Sunday, May 20, 2018

Giant strides towards lithium production

ZIMBABWE has taken giant steps towards entering the big league of major battery grade lithium producers in the world after one of the major projects that is set to commence production went a step further and successfully set up a lithium carbonate plant in Kwekwe.
This comes as several mining and beneficiation projects have been lined up and exploration is ongoing.
Players in the industry say Government must act with speed and create an environment that enables the miners to capitalise on current frenzied interest in the mineral and raise capital on global markets to develop their projects.
Mines and Mining Development Minister Winston Chitando told a lithium session at the Chamber of Mines Annual General Meeting in Victoria Falls on Thursday that one of the projects, Prospect Resources, had successfully established a battery grade lithium carbonate plant.
The Chamber of Mines AGM, which ended yesterday, is running under the theme “Unlock Value, Maximise Benefits” (Growth Perspectives for the Zimbabwe Mining Industry). While lithium has found new fame from the astronomical growth of its demand in the electrical vehicle manufacturing industry, the mineral is also used extensively in production of greases, foundries, ceramics and the medical field.
Speaking during an oversubscribed lithium session, the minister said the company’s Kwekwe based plant had produced lithium carbonate ready to go straight in electric vehicle battery manufacturing and a sample had already been delivered to his offices in Harare.
“Most pleasing are the efforts which have been made by the producers in terms of value addition, yes sales will initially be lithium concentrate, but there is a pilot plant that has been set up in Kwekwe for the production of lithium carbonate.
“I actually got a sample to my office of this lithium carbonate that has been produced at 99,5 percent purity, which is ready to go straight into battery manufacturing and His Excellency the President will be in Kwekwe soon to look at that pilot plant,” he said.
Minister Chitando said the development marks a significant step towards lithium value addition, a thrust Government is pursuing vigorously to optimise earnings from the country’s abundant but finite resources.
The company behind the project, Prospect Resources, is listed on the Australian Stock Exchange and has vast lithium resources located just 38 kilometres east of Harare. The company says its assets represent the sixth largest Joint ore resources committee (JORC) compliant resource in the world.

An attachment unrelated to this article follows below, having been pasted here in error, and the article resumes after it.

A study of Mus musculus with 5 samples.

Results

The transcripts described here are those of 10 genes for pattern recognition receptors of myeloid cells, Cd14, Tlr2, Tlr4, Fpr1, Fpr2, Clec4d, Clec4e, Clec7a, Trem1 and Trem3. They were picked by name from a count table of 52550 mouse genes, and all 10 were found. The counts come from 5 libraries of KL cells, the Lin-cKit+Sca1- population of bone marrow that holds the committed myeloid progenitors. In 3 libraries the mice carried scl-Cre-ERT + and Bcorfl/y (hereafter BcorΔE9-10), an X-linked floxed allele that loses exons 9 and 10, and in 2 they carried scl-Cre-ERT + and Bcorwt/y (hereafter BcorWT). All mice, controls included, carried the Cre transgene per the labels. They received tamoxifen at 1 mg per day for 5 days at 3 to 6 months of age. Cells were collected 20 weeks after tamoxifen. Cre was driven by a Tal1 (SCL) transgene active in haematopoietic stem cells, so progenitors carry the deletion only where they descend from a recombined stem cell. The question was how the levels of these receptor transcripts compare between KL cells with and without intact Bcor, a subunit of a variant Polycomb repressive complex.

Last week, the company said it had engaged global engineering firm, DRA, to provide engineering services and the designs for its Arcadia lithium project near Harare. The company expects to complete plant construction and commence production by June next year. This development comes at a time lithium has gained global acclaim given growing demand over its use in electric vehicles across the globe.
The first largest lithium producer in Zimbabwe is set to join the fray of major producers, led by Australia, Argentina, Chile and Brasil.
Operators who are at various stages of developing their Zimbabwean assets have implored Government to expedite the process of resolving sticking issues constraining their projects to allow them to capitalise on current frenzied interest in lithium to raise capital on global markets.
Grunt Hudson, the chief of executive of the country’s only producing lithium mine, Bikita Minerals, said the producers require at least $75 million to develop the assets from resource technical compliance to plant construction.
“It was heartening to hear investors saying that these are the things that we wish you could get right and we will come (to Zimbabwe). Unfortunately, a few of them cannot be done at the stroke of a pen. It is going to take time, but it is a path we have started on, so let us keep going.”
Specifically, lithium miners have also identified the beneficiation tax of 5 percent among major factors they contend cause serious viability challenges and weigh down their efforts to develop their assets.
The miners also want the Government to give them full access to earned foreign currency reserves as well as create conditions that will give investors the confidence to come to Zimbabwe, including removing bureaucratic bottlenecks.
He said the country should move with speed to ensure that current projects, four of them at the moment, are able to raise the requisite funding on global markets to exploit the highly sought after mineral.
Current projects include Prospect’s Arcadia project, Bikita Minerals, Zimbabwe Mining Development Corporation’s joint venture (Zimbabwe Lithium) with Canadian firm, Jimbata, at Kamativi Mine in Matabeleland North and AIM listed African Premier Minerals’ Zulu project.
Three lithium projects, except Bikita Minerals, which started production around 1963, have not yet started production and are at various stages of development.  Zimbabwe boasts vast deposits of lithium but production still lags behind leading global producers, with only one company, Bikita Minerals, currently producing.
Bikita Minerals allegedly holds the world’s largest-known deposit of lithium, at over 11 million tonnes.
Zimbabwe’s lithium production has averaged 1 000 tonnes a year since 2012, according to Statista, a reputable online statistics, market research and business intelligence portal. Australia, the world’s largest producer extracted 18 700 tonnes of the commodity last year, followed by Chile at 14 100 tonnes, Argentina at 5 500 tonnes and China at 3 000 tonnes.
The mineral also occurs widely in South America, but deposits are contaminated with magnesium.